The Congressional Budget Office has presented a list of familiar potential cuts to federal employment and retirement benefits as cost-savers, the latest in a series of similar reports over many years.
While the CBO does not endorse the options, they carry weight on Capitol Hill because they would count as real savings in the congressional budget process. Congressional Republicans have included them in cost-saving proposals for many years, as did President Trump in his budgets, although they have generally been blocked by Democratic opposition.
The main exception was passage of two increases in the required retirement contributions by FERS employees that resulted in three separate levels depending on when they were hired.
The latest list includes an option to require all FERS employees to pay at the highest of those rates, the 4.4 percent required of those hired since 2013, to be phased in over four years.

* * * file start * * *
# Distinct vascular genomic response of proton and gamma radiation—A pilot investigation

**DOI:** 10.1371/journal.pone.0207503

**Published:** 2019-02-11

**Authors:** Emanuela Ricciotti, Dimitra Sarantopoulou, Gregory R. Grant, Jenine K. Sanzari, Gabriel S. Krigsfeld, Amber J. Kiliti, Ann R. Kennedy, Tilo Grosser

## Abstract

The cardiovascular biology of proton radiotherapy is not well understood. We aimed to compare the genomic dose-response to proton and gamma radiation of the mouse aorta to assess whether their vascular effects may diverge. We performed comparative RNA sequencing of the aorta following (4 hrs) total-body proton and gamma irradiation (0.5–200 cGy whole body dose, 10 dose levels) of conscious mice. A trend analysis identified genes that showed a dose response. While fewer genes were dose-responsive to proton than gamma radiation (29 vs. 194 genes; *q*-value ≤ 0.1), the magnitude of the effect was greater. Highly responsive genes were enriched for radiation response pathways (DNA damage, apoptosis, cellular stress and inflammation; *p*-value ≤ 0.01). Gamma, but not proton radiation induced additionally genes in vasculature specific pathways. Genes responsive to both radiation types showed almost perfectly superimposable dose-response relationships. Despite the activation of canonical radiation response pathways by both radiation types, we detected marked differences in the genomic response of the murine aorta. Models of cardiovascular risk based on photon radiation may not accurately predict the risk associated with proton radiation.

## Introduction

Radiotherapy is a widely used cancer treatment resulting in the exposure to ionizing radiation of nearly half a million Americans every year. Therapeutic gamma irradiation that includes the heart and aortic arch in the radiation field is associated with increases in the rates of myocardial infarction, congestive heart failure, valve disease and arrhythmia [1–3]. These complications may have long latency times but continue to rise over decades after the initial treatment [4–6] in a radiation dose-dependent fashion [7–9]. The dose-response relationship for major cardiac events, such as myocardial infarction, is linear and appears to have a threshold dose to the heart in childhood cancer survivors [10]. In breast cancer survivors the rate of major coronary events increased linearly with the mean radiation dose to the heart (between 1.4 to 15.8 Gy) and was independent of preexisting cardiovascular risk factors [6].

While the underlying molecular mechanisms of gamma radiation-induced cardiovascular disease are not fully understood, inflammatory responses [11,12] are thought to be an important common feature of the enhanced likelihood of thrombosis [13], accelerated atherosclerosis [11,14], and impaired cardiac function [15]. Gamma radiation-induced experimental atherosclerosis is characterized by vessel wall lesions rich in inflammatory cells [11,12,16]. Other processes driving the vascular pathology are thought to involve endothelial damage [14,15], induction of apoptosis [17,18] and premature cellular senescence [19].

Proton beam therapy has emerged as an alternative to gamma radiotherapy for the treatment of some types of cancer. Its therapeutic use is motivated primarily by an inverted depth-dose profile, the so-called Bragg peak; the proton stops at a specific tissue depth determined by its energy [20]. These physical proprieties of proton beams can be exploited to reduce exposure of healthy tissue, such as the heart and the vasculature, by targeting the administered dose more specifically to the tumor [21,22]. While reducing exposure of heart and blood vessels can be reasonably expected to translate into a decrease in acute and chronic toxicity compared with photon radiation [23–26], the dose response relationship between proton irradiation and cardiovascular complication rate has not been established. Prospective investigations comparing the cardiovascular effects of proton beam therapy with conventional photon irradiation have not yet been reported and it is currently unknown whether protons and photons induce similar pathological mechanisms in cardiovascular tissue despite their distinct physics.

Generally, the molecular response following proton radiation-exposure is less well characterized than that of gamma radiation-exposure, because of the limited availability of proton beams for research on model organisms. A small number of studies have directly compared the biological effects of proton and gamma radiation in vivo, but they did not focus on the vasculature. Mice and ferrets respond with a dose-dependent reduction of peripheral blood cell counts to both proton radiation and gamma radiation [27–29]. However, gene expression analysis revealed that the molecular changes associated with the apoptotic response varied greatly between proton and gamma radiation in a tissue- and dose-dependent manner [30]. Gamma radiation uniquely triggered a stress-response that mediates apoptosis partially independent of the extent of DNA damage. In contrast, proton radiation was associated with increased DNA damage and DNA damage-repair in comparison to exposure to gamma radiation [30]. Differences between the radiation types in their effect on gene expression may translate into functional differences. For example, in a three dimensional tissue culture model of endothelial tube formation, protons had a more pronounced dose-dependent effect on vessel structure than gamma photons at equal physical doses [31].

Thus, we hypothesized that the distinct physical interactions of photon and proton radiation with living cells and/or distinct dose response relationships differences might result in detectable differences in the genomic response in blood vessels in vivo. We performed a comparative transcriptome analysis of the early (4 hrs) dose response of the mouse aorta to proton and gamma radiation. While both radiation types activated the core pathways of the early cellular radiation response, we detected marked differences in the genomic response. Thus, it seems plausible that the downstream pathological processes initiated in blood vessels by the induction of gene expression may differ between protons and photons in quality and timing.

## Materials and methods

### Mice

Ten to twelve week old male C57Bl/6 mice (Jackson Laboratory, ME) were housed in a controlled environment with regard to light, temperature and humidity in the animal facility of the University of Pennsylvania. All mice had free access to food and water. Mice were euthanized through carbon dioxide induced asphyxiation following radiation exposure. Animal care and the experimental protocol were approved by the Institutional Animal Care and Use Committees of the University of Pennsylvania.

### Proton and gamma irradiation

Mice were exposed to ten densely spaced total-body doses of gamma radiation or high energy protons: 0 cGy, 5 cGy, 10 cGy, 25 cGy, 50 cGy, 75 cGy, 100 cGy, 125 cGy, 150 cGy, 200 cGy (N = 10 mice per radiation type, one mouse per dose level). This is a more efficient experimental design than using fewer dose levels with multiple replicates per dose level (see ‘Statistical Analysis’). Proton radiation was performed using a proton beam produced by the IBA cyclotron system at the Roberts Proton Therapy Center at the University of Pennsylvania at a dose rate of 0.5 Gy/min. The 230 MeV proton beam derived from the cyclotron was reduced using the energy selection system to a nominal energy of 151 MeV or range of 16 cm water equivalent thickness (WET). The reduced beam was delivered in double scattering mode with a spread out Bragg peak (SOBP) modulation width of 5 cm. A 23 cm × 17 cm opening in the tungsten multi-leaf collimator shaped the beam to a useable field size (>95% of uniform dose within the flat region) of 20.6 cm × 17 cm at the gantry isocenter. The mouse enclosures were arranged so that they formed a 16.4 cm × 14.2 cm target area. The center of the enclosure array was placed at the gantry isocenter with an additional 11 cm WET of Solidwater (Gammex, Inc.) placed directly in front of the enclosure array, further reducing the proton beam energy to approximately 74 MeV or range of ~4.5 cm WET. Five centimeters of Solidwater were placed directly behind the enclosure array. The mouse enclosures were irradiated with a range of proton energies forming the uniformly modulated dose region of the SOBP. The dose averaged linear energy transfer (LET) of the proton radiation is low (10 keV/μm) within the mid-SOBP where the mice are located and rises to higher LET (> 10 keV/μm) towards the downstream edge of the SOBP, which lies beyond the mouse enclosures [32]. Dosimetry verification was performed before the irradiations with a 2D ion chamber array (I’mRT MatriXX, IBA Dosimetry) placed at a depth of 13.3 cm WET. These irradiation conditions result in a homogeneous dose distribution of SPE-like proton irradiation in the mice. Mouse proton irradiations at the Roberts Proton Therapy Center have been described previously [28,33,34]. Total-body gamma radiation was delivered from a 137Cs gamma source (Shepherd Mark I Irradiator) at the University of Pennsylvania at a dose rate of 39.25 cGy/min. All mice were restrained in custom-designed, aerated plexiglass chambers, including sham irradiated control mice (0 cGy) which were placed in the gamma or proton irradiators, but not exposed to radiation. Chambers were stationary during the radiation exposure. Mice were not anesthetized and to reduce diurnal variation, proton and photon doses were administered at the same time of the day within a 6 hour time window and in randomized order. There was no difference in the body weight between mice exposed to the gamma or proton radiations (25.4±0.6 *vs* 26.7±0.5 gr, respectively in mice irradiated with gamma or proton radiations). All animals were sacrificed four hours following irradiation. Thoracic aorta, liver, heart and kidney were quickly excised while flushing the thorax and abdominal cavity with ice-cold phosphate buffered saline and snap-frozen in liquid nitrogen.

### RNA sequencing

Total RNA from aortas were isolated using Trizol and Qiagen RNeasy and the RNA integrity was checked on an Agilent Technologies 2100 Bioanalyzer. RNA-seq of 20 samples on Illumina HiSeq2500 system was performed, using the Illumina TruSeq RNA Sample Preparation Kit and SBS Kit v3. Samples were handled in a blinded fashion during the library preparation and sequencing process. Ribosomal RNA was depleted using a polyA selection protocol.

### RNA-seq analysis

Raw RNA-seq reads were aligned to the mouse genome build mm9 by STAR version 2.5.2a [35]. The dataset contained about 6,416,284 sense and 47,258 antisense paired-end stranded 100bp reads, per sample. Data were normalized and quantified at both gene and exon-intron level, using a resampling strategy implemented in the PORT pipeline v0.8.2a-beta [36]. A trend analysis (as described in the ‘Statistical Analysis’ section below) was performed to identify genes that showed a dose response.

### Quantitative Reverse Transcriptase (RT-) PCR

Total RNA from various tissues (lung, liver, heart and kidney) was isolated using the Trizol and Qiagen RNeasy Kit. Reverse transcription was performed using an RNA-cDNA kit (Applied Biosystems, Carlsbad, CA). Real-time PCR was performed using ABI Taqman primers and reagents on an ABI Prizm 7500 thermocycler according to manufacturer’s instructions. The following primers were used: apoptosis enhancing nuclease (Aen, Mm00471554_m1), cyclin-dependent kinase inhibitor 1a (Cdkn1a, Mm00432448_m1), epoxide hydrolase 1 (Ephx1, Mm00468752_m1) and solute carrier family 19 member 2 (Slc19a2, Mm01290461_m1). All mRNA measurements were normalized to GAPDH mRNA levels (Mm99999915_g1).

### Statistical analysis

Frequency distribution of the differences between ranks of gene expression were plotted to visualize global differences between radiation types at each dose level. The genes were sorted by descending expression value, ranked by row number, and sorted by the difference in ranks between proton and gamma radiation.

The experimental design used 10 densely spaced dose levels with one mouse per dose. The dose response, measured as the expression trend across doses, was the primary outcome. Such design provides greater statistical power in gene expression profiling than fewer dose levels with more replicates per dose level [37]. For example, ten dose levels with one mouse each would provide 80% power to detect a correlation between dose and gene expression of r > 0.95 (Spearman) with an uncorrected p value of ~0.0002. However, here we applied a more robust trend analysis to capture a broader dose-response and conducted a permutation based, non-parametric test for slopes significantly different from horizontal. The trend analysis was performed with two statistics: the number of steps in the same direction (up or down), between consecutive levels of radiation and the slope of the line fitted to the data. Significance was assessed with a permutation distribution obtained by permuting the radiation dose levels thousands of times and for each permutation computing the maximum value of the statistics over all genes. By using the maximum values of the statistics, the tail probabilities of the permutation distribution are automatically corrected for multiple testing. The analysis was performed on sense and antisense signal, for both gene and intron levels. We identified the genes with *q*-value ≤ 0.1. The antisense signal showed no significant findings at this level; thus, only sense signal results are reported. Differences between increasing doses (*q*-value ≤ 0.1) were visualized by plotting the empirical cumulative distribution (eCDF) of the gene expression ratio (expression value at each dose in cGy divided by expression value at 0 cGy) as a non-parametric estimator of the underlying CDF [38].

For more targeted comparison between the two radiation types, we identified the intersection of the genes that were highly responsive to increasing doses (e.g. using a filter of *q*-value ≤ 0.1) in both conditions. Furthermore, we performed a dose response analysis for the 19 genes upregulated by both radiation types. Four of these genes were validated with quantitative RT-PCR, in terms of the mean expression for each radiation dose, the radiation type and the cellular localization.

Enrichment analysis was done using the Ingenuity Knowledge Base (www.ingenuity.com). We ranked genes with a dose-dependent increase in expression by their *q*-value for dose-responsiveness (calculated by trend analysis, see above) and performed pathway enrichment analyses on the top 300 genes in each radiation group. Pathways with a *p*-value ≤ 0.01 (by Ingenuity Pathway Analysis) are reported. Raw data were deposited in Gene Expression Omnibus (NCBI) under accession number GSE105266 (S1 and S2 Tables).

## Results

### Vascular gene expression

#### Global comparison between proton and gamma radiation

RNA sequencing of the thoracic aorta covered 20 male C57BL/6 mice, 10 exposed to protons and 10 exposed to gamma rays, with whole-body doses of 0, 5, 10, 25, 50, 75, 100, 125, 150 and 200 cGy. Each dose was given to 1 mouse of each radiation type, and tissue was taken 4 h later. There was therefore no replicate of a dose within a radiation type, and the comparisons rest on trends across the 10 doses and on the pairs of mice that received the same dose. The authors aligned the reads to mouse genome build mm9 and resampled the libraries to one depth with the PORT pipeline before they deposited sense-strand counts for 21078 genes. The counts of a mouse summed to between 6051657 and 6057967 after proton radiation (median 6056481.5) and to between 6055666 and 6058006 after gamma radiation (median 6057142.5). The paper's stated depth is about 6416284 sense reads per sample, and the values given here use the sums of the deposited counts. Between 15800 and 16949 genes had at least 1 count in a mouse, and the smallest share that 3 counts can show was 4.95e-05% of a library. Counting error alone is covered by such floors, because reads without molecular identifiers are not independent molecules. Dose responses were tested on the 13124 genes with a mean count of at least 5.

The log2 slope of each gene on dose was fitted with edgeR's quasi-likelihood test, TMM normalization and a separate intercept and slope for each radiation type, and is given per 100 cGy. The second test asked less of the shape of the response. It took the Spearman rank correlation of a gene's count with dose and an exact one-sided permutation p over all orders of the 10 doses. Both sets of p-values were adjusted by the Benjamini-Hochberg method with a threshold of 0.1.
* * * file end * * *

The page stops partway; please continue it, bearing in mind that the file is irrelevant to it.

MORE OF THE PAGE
Also on the list are:
* Adopting a “voucher” arrangement to determine government contributions toward FEHB premiums. Instead of paying a percentage of premiums, the government share would be set at a fixed rate and then increased annually by amounts less than premium increases, shifting more of the cost to enrollees.
* Increasing federal retirement benefit and other inflation-linked programs according to an index that produces smaller annual increases than the one currently used.
* Reducing annual federal pay raises by a half percentage point versus what would be paid under federal pay law (a law that in actual practice has not been followed, however).
* Increasing required payments into the Social Security system through steps such as increasing the payroll tax rate and making more of salary taxable, and reducing the value of those benefits through steps such as increasing the age at which full benefits are paid.